Are you able to tell me how many hours an exempt salary employee is expeted to work for the specified minimum of $455 per week. I am in the state of NH. I am told that I am and exempt salaried employee by my employer. I am paid 24,000 annually but am REQUIRED to work a minimum of 50 hours per week. As I see in the guidelines on many sites breaks and lunches are not required to be provided. This is also true of my situation. I am told that policy is a 'working lunch' to be eaten at the work station. I am not to leave during the day. A 'now and then errand (to pick up lunch) is acceptable but should not be made a habit. 5 - 10 hour days per week. I would like to know if this is standard or if the $455 stated on the site is for 40 hours making the minimum for 50 hours 568.75. Thank You for your time. If you have suggestions as to where I may find this information via the web it is also greatly appreciated. Additionally... Can the benifits which they offer to me (which are company paid) have a monotary value which they may tell me increases the 'salary' they are currently paying me.

  • #2
    A salaried exempt employee in any state is expected to work as many hours as it takes to complete their work. It is by no means unusual for an exempt employee to be expected to work 50, 60 or more hours a week on a regular basis.

    NH law permits an employer to require a "working lunch" if the employee's work is such that it can be done.

    The $455 minimum is NOT based on a 40 hour week. For some reason many exempt employees mistakenly believe that their salary covers 40 hours a week and that any time over and above that is unpaid. That is not the case. The salary covers all the time that is worked, whether that be 35 hours or 70 hours. Exempts are not paid on the basis of how many hours they work. There are no circumstances in which an employee who is correctly classified as exempt is entitled to any compensation over and above their regular salary unless the employer chooses to give it to them.

    All of that being said, it is the employee's job duties that determine whether or not they can be classifed as exempt. Being as specific as you can, what is it that you do?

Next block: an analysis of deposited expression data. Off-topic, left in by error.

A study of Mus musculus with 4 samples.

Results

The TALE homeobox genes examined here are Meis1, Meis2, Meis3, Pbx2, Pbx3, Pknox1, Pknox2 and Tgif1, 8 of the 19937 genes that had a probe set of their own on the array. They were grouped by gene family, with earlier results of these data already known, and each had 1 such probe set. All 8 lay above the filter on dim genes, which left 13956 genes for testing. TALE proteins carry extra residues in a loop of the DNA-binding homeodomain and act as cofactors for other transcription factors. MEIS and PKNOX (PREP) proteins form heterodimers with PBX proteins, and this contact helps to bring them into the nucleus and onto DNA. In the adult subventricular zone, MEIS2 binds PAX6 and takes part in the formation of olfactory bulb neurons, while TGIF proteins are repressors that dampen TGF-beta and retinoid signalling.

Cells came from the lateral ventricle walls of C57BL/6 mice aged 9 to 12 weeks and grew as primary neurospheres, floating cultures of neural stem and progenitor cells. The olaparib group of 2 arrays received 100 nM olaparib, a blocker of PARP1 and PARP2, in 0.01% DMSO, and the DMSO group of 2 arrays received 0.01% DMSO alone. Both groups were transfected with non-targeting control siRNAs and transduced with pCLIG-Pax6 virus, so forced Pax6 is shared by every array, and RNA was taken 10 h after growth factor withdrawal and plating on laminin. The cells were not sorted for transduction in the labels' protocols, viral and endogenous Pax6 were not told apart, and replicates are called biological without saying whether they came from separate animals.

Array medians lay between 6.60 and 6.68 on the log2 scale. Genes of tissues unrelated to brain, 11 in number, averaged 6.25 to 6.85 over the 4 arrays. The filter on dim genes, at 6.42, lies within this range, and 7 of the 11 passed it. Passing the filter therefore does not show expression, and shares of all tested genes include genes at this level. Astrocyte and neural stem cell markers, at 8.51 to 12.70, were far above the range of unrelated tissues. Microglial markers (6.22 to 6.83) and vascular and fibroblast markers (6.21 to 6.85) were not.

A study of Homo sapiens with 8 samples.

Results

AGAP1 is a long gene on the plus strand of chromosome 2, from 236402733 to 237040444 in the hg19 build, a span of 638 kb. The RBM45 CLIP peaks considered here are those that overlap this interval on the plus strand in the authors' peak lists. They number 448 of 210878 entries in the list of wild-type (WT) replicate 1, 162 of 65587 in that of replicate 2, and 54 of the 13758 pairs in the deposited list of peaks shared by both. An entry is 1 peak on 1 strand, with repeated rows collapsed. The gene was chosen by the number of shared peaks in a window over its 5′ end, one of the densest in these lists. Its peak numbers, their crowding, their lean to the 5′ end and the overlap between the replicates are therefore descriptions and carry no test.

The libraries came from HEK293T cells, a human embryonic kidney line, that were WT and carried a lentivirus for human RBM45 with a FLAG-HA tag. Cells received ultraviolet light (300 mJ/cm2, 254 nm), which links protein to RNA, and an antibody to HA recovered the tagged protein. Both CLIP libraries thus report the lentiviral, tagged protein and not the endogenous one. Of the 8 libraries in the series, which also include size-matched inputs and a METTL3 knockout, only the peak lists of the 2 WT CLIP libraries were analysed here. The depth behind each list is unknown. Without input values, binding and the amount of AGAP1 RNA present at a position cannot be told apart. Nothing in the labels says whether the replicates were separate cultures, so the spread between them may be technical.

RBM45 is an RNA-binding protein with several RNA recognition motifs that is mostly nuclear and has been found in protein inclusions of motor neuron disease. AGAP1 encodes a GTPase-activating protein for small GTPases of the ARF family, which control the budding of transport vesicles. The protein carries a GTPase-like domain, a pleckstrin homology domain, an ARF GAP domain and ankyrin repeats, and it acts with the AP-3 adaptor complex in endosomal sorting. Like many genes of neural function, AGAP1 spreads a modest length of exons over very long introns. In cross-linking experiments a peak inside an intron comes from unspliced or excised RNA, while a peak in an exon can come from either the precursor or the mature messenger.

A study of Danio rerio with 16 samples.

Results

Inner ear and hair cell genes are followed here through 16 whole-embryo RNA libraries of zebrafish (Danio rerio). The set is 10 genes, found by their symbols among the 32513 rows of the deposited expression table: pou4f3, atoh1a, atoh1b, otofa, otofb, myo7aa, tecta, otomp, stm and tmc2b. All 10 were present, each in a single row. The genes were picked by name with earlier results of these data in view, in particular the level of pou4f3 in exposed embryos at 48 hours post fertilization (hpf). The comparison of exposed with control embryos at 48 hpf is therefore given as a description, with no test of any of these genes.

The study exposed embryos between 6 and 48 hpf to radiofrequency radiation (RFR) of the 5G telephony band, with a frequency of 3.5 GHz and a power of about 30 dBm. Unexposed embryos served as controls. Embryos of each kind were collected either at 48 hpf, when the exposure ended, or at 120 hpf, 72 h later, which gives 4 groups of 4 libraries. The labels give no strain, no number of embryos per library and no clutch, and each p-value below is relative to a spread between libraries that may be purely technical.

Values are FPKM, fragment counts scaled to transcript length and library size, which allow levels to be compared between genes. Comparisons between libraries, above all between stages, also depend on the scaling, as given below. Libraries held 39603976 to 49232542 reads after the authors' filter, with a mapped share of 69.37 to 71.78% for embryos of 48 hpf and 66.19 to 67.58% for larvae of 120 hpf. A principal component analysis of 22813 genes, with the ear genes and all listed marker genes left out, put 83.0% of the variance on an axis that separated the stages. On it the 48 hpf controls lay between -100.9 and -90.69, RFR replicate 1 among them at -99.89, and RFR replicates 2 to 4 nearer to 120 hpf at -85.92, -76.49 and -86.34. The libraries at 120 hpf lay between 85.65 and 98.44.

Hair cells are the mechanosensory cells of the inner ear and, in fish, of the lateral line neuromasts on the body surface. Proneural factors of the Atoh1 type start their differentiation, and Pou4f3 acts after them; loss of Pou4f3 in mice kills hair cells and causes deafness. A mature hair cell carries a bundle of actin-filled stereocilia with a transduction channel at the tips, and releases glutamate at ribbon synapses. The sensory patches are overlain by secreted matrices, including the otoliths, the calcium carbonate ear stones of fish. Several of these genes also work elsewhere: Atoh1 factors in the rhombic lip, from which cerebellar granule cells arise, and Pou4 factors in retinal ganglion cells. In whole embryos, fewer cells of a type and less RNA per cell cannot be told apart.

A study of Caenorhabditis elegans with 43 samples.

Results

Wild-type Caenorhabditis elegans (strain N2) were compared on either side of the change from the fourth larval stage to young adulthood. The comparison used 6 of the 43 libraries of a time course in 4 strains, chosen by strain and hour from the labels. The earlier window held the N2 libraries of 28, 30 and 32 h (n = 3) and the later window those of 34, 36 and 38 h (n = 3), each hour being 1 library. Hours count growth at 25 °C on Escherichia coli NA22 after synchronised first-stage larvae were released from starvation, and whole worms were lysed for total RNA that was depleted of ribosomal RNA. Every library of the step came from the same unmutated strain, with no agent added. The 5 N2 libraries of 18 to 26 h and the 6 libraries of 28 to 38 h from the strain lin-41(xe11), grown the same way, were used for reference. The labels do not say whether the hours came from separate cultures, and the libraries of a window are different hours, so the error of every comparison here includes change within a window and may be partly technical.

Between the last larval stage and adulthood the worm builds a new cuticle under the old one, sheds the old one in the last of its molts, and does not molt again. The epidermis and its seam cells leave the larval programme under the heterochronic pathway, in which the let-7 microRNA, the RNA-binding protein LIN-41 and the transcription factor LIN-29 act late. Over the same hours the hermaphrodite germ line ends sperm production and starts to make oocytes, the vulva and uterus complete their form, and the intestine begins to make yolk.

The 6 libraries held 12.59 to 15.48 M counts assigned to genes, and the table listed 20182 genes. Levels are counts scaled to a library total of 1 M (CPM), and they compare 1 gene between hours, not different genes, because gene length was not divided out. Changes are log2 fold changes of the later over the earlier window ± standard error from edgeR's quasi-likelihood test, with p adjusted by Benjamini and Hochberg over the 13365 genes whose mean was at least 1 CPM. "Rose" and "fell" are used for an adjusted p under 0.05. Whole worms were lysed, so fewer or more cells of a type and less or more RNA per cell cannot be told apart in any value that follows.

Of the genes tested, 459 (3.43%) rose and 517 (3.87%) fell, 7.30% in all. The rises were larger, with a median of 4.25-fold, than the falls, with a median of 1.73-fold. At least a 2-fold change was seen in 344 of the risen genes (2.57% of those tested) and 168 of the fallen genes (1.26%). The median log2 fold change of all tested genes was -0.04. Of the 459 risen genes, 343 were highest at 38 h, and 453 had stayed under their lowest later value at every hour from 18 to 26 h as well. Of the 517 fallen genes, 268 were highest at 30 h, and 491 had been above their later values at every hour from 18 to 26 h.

The above answer, whatever it is, assumes that no legally binding and enforceable contract or CBA says otherwise. If it does, then the terms of the contract or CBA apply.


    • #3
      I value the job I am currently employed by so my details are not as specific as you would like them I'm sure. I am not impressed by the way that I was, in my opinion, deceived prior to taking the position. However, policies are guidelines and things can change. My eyes are still open to the classifieds. I believe that it should be made much more clear to new hires exactly what their job duties include. And just how much 'on site' is required and the exact expectations for the position. It is my fault, I'm sure, that I did not specifically inquire about lunch policies. And when I asked what the hours were and was told everyone works a nine hour shift I'm sure that it's also my fault that I did not get it in writting and have since been told that the shift has always been and will continue to be 10 hours. And let us not forget that after being told that the annual salary was X amount and giving my 2 weeks notice (closer to 3) and then beginning the new job only to find out that the annual salary is a substantial amount less. So, Let's just say I am not an overly happy employee. But, as mentioned... notice had been given... and that's the way it goes. Salary is often mistaken as a set income for a job complete. Whether or not the job takes 40 hours, 60 hours, or 35 hours. It also gives the impression that I should know when my job is complete, and I should not feel I have short changed the employer by working a partial day. Employees, who's presence is required to make the business run, should be paid at an hourly rate. Unless I'm just working too much and no one is telling me. But I don't want to sit with an empty office. Nothing will get done then.


      • #4
        exempt employees

        Exempt Employee if they are told that they are expected to work 46 to 52 hrs
        a week but the company schedules them to work 54 or more is this legal? If the exempt employee works 40 t0 52 hrs during this work week is the employer aloud to dock them their personal time? I thought that NH laws stated that if they work any hrs during that week they were to be paid for the full week. If an exempt employee is out on worker comp and they work one day in one week and three days in the next week should they get thier full salary or should they just get the workers comp pay which is only 60% of thier pay?